2 minutes 57 seconds| The title issues from words uttered by my girlfriend, although their occasion was unrelated to music. She also provided the title for a color pencil work on paper called Gasoline Glove Double Hat.
Time stamp: 9/28/10
Novel-in-Progress, excerpt 21| Later that same day Howard shows up at the tower, and Lowell reprimands him for his lax attitude about log entries, especially as movement among the mannequins in 1136 appears to be happening during his shift. The fellow observer, however, suspects larger forces are at play:
Howard assessment was less sanguine. He launched drearily into a jeremiad. “You live long enough, repeat the same routines enough—doesn’t it all become a dream? Am I even awake now? Are you in my dream or am I in yours? Perhaps we are both dreams of the fellow on the couch.”
Lowell glanced at the cardboard mattress tucked between filing cabinets. “Is this a question you seriously want answered?”
“Isn’t that what death is?” the sage ruminated. “A grinding down until everything loses its flavor, smell, color, spirit? When there’s no sensate difference between waking and dreaming, a line is eroded. With all those peeping-tom windows over there, who’s to say what’s real? We’re paid to keep track of scantily clad mannequins in an uninhabited building, but aren’t we the guinea pigs?”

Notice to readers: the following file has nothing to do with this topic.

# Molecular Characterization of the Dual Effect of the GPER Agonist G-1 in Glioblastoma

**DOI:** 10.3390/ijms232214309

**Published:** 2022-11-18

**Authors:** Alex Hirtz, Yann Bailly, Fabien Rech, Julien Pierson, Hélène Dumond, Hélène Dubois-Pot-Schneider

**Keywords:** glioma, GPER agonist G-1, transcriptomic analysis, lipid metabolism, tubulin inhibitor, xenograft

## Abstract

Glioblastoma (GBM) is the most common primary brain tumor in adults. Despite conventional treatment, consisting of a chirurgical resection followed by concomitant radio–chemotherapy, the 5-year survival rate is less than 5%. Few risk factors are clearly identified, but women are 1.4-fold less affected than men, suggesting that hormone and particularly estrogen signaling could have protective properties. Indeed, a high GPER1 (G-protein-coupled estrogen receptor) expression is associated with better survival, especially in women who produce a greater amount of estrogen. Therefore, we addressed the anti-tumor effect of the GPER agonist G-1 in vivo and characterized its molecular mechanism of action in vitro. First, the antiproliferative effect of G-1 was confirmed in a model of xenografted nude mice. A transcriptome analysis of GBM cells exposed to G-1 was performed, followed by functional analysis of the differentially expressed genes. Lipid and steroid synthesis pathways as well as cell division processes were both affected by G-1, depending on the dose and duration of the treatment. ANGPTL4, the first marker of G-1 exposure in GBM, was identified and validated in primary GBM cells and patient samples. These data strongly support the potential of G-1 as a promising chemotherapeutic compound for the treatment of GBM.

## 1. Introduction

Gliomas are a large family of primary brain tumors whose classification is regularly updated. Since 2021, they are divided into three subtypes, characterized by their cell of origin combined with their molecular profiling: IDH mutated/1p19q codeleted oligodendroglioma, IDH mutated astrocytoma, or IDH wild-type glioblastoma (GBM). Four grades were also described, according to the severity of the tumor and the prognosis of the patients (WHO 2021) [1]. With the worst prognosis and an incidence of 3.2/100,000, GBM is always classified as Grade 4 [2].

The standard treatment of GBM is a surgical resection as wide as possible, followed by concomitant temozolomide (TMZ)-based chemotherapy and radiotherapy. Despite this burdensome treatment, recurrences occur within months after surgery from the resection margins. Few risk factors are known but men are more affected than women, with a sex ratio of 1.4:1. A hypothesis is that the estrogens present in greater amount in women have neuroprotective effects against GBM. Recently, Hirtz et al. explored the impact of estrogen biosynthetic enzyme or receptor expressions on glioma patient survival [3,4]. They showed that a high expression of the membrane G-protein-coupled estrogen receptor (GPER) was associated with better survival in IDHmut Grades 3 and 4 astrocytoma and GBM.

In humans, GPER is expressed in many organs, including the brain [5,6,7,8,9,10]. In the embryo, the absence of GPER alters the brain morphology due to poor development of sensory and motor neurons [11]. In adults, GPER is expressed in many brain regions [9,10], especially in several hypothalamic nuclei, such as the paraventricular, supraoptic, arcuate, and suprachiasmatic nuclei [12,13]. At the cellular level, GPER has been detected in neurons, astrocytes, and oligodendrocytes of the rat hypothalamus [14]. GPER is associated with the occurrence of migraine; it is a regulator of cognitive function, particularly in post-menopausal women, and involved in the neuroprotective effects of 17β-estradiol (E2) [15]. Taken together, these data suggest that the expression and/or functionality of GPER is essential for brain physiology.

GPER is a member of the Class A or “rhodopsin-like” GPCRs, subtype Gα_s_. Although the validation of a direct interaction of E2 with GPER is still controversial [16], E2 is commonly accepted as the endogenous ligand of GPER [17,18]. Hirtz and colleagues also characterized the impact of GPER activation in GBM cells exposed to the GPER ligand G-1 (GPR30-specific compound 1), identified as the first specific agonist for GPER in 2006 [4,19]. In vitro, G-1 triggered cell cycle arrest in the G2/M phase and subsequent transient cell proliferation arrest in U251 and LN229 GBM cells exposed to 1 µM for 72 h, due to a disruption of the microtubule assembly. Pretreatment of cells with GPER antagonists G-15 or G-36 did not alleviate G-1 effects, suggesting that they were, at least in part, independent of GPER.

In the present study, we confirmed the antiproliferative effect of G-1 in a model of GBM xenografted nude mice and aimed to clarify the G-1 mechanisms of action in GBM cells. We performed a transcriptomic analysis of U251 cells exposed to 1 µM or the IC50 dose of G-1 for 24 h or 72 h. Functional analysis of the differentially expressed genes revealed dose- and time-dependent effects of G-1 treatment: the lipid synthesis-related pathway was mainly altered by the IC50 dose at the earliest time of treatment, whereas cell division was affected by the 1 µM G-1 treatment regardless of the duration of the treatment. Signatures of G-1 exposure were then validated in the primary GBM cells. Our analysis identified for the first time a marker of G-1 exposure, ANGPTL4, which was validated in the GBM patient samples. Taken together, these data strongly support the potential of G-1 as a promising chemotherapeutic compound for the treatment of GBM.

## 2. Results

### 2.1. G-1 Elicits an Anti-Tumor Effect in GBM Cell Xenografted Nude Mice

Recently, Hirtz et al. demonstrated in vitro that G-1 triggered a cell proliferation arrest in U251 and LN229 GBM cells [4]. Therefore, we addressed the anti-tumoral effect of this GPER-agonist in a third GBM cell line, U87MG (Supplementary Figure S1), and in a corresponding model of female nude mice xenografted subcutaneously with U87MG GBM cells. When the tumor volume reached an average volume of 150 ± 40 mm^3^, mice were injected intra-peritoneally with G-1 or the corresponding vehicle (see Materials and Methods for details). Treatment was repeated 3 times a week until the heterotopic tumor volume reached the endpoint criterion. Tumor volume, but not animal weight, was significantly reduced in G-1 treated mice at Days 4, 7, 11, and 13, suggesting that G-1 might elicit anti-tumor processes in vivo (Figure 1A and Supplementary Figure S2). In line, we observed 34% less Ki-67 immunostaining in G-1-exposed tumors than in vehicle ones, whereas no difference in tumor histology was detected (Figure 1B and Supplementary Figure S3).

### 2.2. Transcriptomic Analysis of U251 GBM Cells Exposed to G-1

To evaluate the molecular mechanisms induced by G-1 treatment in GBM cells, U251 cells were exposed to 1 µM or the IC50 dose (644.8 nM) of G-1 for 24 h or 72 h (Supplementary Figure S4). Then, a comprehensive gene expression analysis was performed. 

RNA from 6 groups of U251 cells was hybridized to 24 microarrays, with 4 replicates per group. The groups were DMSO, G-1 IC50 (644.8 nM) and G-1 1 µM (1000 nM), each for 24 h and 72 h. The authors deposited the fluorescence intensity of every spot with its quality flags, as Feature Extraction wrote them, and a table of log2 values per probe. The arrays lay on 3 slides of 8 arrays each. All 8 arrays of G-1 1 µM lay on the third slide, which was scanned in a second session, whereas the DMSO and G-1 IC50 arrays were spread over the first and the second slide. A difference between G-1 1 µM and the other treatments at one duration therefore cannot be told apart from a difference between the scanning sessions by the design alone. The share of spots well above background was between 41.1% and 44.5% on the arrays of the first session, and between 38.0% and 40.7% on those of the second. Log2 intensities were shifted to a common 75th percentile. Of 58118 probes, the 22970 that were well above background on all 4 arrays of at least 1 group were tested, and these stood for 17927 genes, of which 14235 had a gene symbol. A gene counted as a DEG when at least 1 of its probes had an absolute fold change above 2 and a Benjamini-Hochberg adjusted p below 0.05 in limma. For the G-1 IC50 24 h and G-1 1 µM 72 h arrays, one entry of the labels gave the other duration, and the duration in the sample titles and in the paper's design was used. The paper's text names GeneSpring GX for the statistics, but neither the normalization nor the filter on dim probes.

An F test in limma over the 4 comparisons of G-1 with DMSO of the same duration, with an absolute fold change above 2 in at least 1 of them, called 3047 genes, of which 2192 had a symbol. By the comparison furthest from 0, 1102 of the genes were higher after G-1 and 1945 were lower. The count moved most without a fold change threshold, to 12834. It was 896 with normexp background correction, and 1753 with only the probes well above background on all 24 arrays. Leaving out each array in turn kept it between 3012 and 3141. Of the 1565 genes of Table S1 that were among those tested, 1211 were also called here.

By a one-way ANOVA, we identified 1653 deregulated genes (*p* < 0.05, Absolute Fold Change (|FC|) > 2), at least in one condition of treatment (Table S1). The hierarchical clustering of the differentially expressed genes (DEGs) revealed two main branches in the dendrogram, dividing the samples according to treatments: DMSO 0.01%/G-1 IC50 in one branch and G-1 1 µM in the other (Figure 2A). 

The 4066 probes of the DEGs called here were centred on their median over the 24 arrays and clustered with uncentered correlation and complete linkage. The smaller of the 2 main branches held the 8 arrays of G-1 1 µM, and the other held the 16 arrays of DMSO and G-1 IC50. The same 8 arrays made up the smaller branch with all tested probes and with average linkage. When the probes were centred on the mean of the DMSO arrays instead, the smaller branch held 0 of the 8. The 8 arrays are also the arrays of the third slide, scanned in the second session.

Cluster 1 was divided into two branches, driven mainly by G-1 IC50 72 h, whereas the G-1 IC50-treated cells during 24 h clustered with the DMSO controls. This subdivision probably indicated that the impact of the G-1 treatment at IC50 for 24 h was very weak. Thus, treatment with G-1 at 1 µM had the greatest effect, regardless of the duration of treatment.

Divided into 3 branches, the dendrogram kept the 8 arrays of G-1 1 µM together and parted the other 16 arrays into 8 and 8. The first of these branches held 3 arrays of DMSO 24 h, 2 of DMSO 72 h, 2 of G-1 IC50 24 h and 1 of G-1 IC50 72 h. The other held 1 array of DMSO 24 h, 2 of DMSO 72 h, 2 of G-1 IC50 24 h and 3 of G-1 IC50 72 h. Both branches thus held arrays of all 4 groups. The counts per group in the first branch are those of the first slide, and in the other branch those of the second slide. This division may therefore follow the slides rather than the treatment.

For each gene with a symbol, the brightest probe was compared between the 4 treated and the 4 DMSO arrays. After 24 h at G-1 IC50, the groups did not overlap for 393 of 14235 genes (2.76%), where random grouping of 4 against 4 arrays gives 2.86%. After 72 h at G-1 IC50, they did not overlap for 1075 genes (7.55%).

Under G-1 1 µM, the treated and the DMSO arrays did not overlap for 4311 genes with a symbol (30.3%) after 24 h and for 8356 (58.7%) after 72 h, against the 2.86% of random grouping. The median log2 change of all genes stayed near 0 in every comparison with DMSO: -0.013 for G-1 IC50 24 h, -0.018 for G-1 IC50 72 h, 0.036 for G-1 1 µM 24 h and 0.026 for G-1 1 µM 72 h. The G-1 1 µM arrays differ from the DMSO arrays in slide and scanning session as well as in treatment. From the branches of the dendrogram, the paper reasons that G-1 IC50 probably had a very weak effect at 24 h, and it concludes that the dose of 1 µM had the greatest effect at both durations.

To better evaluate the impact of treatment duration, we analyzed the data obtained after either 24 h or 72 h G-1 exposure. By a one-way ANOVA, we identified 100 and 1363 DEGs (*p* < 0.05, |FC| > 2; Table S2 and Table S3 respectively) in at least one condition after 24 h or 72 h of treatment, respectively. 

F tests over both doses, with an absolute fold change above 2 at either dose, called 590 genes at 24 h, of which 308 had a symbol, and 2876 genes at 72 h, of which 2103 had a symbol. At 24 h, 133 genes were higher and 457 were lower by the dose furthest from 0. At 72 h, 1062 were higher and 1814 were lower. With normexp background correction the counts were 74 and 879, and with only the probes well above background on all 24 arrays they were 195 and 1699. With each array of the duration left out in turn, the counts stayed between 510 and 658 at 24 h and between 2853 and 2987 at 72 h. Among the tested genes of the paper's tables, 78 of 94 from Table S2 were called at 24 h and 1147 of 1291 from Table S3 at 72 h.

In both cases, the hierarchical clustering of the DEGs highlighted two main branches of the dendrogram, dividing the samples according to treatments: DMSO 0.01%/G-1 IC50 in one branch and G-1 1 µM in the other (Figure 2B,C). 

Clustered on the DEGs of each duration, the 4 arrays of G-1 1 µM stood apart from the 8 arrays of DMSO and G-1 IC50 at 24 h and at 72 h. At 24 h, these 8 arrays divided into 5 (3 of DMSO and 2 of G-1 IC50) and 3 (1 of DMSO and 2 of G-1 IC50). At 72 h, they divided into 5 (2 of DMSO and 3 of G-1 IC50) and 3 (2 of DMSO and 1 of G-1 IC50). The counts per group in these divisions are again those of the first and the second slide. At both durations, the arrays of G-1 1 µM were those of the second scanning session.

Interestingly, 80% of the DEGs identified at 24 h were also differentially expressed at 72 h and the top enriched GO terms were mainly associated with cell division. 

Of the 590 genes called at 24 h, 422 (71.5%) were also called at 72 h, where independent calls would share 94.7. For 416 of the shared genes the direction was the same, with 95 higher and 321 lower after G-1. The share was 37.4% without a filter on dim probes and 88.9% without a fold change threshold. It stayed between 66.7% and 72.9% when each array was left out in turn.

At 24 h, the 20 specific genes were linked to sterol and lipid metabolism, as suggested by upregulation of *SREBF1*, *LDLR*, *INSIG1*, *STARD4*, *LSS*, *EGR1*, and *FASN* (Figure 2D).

“Guinea pigs for whom? The Koreans or our employers? Or do you think they’re in cahoots?”
Howard stuck to generalities. “In sitting here, an obligation is met—a pledge is honored. It’s like I’m holding up the wall for an hour, or keeping some malignancy, some wasting disease, at bay.”
“What would this malignancy be?” the friend pried.
“If the impediment could be named, it would be the worst version of ourselves.”
“Myself.” The judge refined the accusing term. “This worst version is someone who insists nothing has value, yet keeps showing up in the doorway like Hamlet’s player queen, protesting too much, but clearly not even convincing herself lest she would soon bore of her exercise out of an excess of contentment.”
“Perhaps habit keeps you in that seat.”
“Habits are names given to motives by default,” advanced the expiator, “where they are otherwise implacable to reason. The business of atonement is an untidy affair for the over-thinker: A lot of dead air, and knowing one doesn’t measure up in noticing so much dead air.”
“If not for ADD, you’d be an ascetic.”
The Lakota native did not disallow the comparison.